Second-seeded Tufts defeated seventh-seeded Williams 58-40 in the NESCAC quarterfinals over the weekend in a game in which both teams struggled offensively.
The Jumbos shot 34.3 percent from the field (23-for-67) while the Ephs went 15-for-45 on field goals (33.3 percent). The Jumbos led from the opening minutes, jumping ahead 17-12 after the first quarter. Sophomore guard Jacqueline Knapp scored nine of her 11 points in the first half, while also posting a team-high three steals and going 5-for-9 from the field on the day.
“I definitely think that the game this weekend had ups and downs. There’s a lot of good things that came out of it, but there’s also a lot of things we need to work on just to make sure we keep getting better,” Knapp said. “Whenever it’s the playoffs, everyone steps up their playing style. It’s different from the regular season because everyone’s a brand-new team. You can’t take anyone lighter or look back to an earlier game because everyone’s really fired up and has a whole new energy. It’s just something we have to make sure we match.”
Williams opened up the scoring off a lay-up by junior Kristin Fechtelkotte, which would be one of the few times Williams led the whole game. Tufts led by as many as 22 points in the game, placing three different players in double digits.
“There were definitely some parts of the game where our energy dipped, and looking back there are definitely a lot of things we can learn both offensively and defensively,” senior tri-captain forward/center Michela North said. “Even knowing that Williams was going to come strong, they still kind of shocked us with the way they came out.”
North recorded game highs of 14 points and 10 rebounds, and junior forward Melissa Baptista added another 11 points for her team, despite shooting just 5-of-15 from the field and 1-for-6 from beyond the arc.
“Three-point shooting wasn’t great for us. I think we were 4-for-25, which isn’t great, especially when the other team is packing the paint and closing off some of our options inside, so when they’re giving us the open threes we really have to hit the shot,” North said. “We don’t want to live and die by the three, but also when the [other] team gives us the opportunity, we just have to take them.”
The Jumbos defended well from beyond the arc, holding their opponents to just 1-for-16 from outside (6.3 percent), but they shot just 16 percent from downtown (4-for-25).
“In practice when there’s 12, 14 girls on a court, it’s hard for everyone to work on their shooting, so just taking the time outside of practice to work on our shot is important,” Baptista said. “I know that for me, [my shooting] is about confidence, so if I’ve been shooting well before games, I’ll be more confident in games.”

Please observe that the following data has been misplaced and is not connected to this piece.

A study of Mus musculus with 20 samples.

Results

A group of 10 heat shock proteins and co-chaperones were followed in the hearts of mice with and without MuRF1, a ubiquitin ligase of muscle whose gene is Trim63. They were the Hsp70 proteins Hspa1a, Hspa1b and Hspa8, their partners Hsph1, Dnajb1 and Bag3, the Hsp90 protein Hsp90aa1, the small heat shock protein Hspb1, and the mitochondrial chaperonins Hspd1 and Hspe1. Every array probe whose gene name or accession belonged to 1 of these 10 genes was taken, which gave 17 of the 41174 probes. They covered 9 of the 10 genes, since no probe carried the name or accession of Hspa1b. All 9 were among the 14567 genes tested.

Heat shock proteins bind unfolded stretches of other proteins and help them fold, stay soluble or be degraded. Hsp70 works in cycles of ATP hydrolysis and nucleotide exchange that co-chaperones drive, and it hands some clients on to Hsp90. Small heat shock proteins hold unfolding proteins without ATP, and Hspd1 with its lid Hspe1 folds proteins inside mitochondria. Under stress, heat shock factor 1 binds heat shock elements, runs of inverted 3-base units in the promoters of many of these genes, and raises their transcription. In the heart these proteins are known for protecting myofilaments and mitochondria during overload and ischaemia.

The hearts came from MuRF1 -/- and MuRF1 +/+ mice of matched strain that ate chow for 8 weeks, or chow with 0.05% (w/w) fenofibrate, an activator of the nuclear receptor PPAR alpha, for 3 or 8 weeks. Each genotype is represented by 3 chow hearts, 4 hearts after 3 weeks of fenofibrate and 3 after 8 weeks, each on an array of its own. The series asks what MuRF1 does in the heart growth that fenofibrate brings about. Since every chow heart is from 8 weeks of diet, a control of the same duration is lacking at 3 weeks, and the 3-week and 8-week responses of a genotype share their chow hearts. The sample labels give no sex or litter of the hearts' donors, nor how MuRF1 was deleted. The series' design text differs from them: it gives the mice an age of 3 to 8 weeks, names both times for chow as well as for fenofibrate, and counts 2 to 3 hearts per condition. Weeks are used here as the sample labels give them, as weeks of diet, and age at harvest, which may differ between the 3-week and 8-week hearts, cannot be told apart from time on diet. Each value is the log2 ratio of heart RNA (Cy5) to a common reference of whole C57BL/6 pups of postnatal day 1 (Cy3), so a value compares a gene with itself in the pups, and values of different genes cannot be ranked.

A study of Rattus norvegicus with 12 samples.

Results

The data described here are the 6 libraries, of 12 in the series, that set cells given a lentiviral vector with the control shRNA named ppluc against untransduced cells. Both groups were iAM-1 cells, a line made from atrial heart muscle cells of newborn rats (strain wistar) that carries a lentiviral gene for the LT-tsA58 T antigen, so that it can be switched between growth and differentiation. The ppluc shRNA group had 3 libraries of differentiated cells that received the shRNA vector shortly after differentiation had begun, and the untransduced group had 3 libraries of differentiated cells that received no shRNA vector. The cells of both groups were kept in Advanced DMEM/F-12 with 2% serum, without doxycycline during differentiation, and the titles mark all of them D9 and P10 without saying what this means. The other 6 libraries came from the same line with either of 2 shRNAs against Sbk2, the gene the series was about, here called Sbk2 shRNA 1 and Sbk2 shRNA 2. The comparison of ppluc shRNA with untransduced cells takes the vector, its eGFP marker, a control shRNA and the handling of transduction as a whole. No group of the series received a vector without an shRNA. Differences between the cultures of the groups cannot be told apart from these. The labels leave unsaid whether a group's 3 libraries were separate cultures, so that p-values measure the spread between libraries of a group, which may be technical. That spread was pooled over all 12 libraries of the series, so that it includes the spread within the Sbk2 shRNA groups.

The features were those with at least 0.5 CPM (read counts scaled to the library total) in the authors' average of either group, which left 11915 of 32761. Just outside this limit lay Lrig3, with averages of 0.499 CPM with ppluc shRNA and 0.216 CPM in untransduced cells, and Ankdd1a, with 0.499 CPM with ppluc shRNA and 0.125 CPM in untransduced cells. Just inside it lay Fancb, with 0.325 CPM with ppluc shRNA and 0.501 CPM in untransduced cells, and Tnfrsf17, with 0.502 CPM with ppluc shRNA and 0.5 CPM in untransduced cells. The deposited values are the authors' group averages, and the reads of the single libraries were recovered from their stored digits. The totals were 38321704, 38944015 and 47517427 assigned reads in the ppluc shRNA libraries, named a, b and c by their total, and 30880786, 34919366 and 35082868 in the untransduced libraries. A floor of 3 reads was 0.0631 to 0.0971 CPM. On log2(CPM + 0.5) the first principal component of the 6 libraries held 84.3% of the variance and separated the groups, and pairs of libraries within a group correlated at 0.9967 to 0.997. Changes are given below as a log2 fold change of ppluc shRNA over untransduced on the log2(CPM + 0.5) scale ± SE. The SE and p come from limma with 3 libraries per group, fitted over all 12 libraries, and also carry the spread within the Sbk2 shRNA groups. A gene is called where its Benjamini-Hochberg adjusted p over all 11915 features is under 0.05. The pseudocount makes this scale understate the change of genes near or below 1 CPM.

Tufts last played Williams on Feb. 10, holding them to just 27 points in 40 minutes of play and six or less points in three of the four quarters.
“I think we executed better in the first game [against Williams],” Knapp said. “A lot of times, our transition defense is getting the steals on defense, just being really energized [and] making it hard for the team to score. I think this weekend we didn’t do as good a job [doing that], and I think Williams, with their end of their season on the line, came out with a whole different mentality.”
Tufts will take on third-seeded Bowdoin (21-3, 8-2 in NESCAC) in the NESCAC semifinals on Saturday at 4 p.m. at Amherst. The Jumbos defeated the Polar Bears by a three-point margin, 46-43, on Jan. 6.
“We’re really excited to play Bowdoin again [because] we didn’t have a great showing against them the last time,” North said. “We’re just being grateful for the opportunity to keep playing. I think realizing that some teams have ended their season without making it to the quarterfinals of their conference, we’re grateful that we have the opportunity to keep playing.”
If Tufts wins against Bowdoin, it will have the opportunity to face up against Amherst, which needs to get past fifth-seeded Colby to make it to the NESCAC Championship. The Jumbos lost to Amherst on Feb. 4, their only loss of the season.
“I think we’re just trying to channel any anger that we felt about that loss to Amherst.That cost us two home games in the NESCACs, [and] now we have two away games,” Baptista said. “We’re just trying to turn that anger into positive energy for the opportunity to play them again.”